In an act of appalling hubris, the oil and gas industry is asking the federal government to loosen enforcement of federal regulations on public lands in response to the coronavirus pandemic. Kathleen Sgamma of the Western Energy Alliance, one of the petroleum industry’s primary lobbying groups, was quoted in EnergyWire as seeking one-year extensions for two-year drilling permits and 10-year federal mineral leases, a change that would allow them to hold onto unused leases they are stockpiling. Sgamma also referenced changes to compliance requirements and “royalty and fee waivers” for the world’s wealthiest industry. Robert McEntyre of the New Mexico Oil and Gas Association is quoted in the same story as seeking “commonsense flexibilities” when it comes to complying with federal regulations.
Ironically, the oil industry’s call for a lax approach to regulatory oversight came the day after a federal court struck down the Army Corps of Engineers’ approval of the Dakota Access Pipeline (DAPL) precisely because the federal government failed to live up to its obligation to enforce federal regulations and undertake a detailed Environmental Impact Statement before approving the project. The DAPL project sparked a worldwide controversy when a months-long encampment of water protectors led by the Lakota people of the Standing Rock reservation attempted to block pipeline construction beneath the vulnerable waters of Lake Oahe. These same environmental and social justice problems are echoed in current controversies over pipelines like the Keystone XL, Enbridge Line 5, and the Coastal GasLink planned across Wet’suwet’en sovereign lands north of the Canadian border.
But pipelines are hardly the only aspect of the oil and gas industry where lax regulation is causing major problems. Declines of sage grouse throughout the American West are partly attributable to habitat destruction and fragmentation from wellfield construction. Drilling threatens to sever key migration routes like the ancient Path of the Pronghorn. Natural gas drilling and production in the Upper Green River Valley of Wyoming has replaced the previously pristine air quality of Pinedale, Wyoming with smog that rivals Los Angeles. This is an industry that clearly needs a lot more adult supervision from federal agencies – not less – than it is getting now.
Global oil prices have fallen due to a price war between Russia and Saudi Arabia, but natural gas prices are low as result from a decade of over-aggressive drilling and production in the United States which has glutted the market. The oil industry made this bed for themselves, and now they should have to lie in it. Natural gas is bought and sold on a continental market; it is not a global commodity easily traded across oceans, as are crude oil and refined petroleum. Thus, when oil corporations over-produce, they run out of places to store it, and natural gas prices collapse. This dynamic has wracked western states with boom and bust economic disruptions (and the waves of crime and environmental destruction that accompany the booms) for decades.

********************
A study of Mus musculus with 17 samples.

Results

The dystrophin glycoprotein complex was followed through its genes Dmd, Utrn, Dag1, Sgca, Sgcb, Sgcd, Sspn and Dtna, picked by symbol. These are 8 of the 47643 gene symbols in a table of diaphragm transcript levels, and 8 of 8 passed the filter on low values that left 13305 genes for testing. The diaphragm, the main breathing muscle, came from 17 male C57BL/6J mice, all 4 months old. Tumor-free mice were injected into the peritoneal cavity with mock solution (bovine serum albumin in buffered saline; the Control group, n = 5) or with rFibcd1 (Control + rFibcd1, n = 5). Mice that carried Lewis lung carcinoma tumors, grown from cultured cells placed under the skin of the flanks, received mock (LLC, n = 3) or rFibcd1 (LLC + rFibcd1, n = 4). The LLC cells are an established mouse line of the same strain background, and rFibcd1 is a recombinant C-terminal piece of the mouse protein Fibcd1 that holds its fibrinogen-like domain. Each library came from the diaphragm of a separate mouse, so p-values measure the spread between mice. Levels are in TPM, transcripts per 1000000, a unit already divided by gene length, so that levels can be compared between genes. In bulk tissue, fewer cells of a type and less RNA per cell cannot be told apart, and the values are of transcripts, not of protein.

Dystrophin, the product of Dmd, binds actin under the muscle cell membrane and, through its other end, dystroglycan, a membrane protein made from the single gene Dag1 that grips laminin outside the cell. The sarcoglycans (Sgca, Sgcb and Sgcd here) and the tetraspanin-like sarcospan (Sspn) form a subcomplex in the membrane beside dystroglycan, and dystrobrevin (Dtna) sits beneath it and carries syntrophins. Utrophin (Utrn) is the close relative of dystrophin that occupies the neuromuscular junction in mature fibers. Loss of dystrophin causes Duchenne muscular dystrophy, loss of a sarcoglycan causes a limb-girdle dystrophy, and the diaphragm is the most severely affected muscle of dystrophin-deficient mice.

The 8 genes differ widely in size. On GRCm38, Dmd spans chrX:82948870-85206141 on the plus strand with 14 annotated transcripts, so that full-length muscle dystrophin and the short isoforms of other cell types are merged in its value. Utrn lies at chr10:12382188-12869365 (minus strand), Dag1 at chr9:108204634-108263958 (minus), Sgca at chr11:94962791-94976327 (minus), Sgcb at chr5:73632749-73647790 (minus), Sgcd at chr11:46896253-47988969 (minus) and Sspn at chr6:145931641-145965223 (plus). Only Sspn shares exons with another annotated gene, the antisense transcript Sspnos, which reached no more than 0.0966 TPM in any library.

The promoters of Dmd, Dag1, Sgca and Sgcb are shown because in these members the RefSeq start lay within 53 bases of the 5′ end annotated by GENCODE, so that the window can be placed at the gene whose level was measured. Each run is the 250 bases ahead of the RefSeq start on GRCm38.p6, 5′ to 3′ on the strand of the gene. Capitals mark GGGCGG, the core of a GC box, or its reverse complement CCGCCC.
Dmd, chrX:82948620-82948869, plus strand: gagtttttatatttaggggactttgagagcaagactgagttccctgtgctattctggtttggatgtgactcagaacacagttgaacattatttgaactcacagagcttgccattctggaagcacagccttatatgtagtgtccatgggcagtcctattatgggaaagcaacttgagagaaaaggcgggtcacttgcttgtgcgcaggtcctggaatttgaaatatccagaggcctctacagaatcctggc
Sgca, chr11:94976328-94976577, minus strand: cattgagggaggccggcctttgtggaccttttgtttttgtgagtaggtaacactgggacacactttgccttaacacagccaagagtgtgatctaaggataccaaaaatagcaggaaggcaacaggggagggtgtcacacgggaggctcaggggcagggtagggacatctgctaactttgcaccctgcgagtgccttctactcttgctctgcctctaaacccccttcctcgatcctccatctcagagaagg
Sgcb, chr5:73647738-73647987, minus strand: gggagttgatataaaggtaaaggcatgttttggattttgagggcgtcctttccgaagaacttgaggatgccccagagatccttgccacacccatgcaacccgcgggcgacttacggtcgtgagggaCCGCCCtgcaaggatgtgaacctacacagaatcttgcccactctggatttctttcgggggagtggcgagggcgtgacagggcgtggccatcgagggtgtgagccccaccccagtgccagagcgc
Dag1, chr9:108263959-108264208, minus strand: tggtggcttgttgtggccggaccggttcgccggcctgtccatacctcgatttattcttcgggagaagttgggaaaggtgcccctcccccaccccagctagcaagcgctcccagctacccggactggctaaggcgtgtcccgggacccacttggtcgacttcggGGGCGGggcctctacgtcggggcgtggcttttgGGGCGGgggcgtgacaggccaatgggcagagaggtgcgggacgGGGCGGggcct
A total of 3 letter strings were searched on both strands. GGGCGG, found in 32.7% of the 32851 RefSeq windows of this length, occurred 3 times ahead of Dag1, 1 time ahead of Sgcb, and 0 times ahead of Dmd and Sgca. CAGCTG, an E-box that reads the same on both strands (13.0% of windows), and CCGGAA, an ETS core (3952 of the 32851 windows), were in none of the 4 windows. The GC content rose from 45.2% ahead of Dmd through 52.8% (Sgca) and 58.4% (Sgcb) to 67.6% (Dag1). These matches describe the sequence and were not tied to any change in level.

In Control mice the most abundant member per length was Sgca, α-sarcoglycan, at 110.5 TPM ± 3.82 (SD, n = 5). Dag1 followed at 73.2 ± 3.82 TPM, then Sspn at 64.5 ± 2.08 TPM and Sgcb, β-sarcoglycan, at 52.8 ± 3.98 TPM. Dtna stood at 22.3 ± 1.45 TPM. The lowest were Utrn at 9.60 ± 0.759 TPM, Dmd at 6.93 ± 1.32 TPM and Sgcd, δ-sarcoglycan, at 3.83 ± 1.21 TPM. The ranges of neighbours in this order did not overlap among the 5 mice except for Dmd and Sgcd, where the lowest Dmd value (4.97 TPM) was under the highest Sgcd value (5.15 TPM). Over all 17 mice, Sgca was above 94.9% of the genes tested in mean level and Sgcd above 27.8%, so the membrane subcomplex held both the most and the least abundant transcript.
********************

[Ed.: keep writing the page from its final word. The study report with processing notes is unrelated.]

Instead of taxpayers propping up fossil fuel industry, we should be helping it die with dignity, and instead fund programs to retrain and rehire the industry’s workers into new positions that offer comparable pay but make the world a better place. America has a massive backlog in infrastructure maintenance, with potholed highways and failing bridges. Oil industry workers could be gainfully employed rebuilding America’s infrastructure, or in a government-sponsored program to install solar panels for homeowners, instead of propping up an industry that accelerates the building climate catastrophe and costs taxpayers billions of dollars in disaster relief for sea level rise and extreme weather events exacerbated by climate disruption.
Congress should ignore the fossil fuel industry’s pleas for price breaks – and “flexibility” in enforcing regulations – on publicly-owned lands and mineral deposits, which federal government shouldn’t be leasing in the first place. Instead, lawmakers should focus economic stimulus dollars on distributed renewable projects like rooftop solar, which produce clean energy in urbanized settings that don’t require more sacrifice of lands and wildlife.
The coronavirus pandemic has led millions of workers to cancel travel plans, stay home, and self-isolate to minimize their exposure to the virus and reduce transmission to others as a means to “flatten the curve” of new cases. The resulting reduction in fossil fuel combustion has depressed commodity prices, true enough, but also has given the planet a much-needed reprieve, dispelling smog and clearing polluted waters. The pandemic gives the world a glimpse of how much cleaner and greener the world will be when we end our addiction to fossil fuels. That’s a future worth the investment.